Do Any Critics of "Marxism" on the Right Actually Know What it Is?Roundup
tags: conservatism, Marxism, political economy, Political theory
Ben Burgis is a Jacobin columnist, an adjunct philosophy professor at Rutgers University, and the host of the YouTube show and podcast Give Them An Argument. He’s the author of several books, most recently Christopher Hitchens: What He Got Right, How He Went Wrong, and Why He Still Matters.
Karl Marx deserves a better caliber of critics. I’ve thought that many times in the last few years, but perhaps never more so than in March when I saw the conservative James Lindsay post a picture of himself pretending to pee on Marx’s grave in London.
I couldn’t help but notice the lack of any actual stream of urine in the picture. In a way, that made it a perfect metaphor for the Right’s approach to their greatest intellectual adversary. They’re making a show of desecrating his grave. But they know too little about his ideas to even make contact with the target of their critique.
Lindsay isn’t some obscure right-winger. He’s a globally prominent figure. He testifies before state legislatures explaining why they should ban “critical race theory,” which he sees as Marxism in disguise. His book, Race Marxism, was a bestseller.
So was Mark Levin’s book, American Marxism. Levin was never quite as popular as his colleagues Rush Limbaugh and Sean Hannity, but his talk radio show has blared out from hundreds of AM stations around the United States for many years. Originally, I was slated to cowrite a review of American Marxism with Matt McManus, but after many attempts to get through it, I ended up admitting defeat and letting Matt write it by himself. The book feels like the transcript of an endless, breathless, incoherent rant. I’d be surprised if Levin even cracked open Marx’s magnum opus, Capital.
Right when I was trying and failing to ingest Levin’s book, I did a public debate with one of conservative media’s most omnipresent figures: Turning Point USA founder Charlie Kirk. At one point, Charlie asked me what I thought about Karl Marx. I responded that while I didn’t think Marx was right about everything, he was right about a lot of important subjects — in particular, his theory of history.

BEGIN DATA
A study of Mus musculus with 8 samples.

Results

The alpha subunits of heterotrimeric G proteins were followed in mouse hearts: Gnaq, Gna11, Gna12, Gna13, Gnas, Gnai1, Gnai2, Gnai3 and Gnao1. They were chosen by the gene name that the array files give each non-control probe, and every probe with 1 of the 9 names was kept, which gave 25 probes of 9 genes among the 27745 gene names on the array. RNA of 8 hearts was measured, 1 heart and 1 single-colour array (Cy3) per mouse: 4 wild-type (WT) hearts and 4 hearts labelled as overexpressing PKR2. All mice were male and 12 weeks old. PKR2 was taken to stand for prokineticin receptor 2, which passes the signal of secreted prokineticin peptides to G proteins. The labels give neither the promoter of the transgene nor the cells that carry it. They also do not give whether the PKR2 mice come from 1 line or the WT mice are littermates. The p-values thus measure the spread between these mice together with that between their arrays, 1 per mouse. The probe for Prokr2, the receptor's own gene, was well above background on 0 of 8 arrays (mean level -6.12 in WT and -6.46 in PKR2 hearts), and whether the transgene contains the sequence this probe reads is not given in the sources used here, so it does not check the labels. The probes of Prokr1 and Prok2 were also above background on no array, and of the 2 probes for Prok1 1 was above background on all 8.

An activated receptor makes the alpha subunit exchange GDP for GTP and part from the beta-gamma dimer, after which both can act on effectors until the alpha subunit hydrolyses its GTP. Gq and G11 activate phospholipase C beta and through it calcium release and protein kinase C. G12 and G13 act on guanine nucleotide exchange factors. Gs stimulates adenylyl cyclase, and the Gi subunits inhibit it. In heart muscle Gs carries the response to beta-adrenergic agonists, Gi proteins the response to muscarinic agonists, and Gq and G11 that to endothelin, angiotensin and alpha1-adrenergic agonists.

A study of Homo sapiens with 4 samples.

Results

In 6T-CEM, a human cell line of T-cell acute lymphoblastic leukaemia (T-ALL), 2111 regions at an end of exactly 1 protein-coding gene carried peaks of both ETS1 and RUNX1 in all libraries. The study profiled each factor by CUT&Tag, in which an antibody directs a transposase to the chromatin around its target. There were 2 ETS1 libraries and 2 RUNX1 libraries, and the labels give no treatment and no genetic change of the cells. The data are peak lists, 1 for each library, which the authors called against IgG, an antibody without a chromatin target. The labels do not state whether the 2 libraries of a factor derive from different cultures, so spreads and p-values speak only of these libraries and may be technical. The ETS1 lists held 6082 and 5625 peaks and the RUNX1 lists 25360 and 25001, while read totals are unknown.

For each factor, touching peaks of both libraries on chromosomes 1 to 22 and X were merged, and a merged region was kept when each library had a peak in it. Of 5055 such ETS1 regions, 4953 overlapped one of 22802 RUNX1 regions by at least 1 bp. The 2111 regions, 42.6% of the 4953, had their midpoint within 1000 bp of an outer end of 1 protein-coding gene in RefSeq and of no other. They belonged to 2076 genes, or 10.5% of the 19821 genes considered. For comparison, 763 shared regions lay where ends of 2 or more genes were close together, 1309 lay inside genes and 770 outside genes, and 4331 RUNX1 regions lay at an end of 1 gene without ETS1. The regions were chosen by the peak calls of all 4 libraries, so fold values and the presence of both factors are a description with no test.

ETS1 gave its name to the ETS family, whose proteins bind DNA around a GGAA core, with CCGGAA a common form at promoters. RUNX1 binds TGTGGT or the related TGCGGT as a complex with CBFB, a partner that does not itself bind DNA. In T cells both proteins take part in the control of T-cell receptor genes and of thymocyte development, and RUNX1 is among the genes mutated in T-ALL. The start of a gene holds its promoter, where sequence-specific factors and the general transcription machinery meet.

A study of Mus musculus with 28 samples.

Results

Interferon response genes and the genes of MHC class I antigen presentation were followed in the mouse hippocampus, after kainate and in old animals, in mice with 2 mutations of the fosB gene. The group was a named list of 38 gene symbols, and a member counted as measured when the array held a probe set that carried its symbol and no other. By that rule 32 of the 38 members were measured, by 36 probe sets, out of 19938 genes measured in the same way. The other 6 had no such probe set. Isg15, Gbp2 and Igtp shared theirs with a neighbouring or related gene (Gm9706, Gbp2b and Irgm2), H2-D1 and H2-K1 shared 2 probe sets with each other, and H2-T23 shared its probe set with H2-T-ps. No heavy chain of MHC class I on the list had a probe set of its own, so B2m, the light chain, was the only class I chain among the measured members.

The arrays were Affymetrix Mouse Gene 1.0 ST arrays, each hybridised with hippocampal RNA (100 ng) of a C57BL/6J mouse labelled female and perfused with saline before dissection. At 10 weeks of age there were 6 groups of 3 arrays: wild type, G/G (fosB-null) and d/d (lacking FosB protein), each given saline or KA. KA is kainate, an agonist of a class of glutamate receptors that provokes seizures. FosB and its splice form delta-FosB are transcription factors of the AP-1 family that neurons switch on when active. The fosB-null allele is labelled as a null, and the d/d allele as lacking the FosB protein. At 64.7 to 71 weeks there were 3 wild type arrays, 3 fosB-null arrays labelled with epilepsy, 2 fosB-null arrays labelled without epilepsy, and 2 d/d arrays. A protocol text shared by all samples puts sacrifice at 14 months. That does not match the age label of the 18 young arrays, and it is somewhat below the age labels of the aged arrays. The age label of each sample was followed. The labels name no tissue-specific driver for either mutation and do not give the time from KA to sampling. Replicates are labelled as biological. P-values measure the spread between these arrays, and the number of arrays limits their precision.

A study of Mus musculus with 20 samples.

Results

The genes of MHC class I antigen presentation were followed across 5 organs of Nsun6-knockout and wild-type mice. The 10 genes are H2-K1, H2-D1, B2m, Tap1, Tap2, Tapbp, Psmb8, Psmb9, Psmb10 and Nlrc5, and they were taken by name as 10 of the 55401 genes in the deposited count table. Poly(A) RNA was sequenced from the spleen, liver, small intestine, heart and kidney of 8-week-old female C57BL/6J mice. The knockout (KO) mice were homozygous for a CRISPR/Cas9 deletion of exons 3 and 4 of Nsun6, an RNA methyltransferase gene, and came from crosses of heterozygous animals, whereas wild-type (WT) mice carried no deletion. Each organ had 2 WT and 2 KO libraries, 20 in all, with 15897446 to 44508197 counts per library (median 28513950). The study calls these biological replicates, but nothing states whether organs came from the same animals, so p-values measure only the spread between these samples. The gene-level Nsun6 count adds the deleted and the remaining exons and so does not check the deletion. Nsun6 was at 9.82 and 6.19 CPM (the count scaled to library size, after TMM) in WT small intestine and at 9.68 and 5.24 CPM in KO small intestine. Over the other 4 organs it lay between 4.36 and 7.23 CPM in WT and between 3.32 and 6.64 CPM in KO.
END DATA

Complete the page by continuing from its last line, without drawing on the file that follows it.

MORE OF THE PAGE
Charlie seized on that to say Marx’s theory of history was “basically Hegel’s” — after all, he said, wasn’t Marx the “president of the Young Hegelians”?
This could hardly be more wrong. G. W. F. Hegel had an “idealist” theory of history — he saw it as driven by the progressive self-realization of what he called the “World Spirit.” Marx did start out as a Young Hegelian, but this was the name of a philosophical current, not an organization with membership cards and a president! More substantively, Marx — though deeply influenced by Hegel’s methodology — came to reject idealism in favor of a “materialist” theory of history in which the primacy is given to economic factors: the “forces of production” and “relations of production.”
Lindsay, Levin, and Kirk aren’t the only prominent conservatives who insist on prattling on about Marx despite not knowing the ABCs. In Jordan Peterson’s 2019 debate with the Slovenian Marxist philosopher Slavoj Žižek, Peterson said that he’d prepared for the debate by rereading the Communist Manifesto for the first time since he was eighteen.
That in itself was an astonishing admission. Here you have someone who wrote mega-best-selling books that contain strenuous denunciations of “Marxism” admitting that he hadn’t read the Communist Manifesto — a short pamphlet that can be consumed in an afternoon — in decades.
But even more striking was how little understanding Peterson seemed to have of what he’d read. He expressed surprise that Marx and Friedrich Engels “admitted” capitalism had spurred more and faster economic development than any previous system — when in fact they devote pages to the observation because it’s a crucial part of their analysis.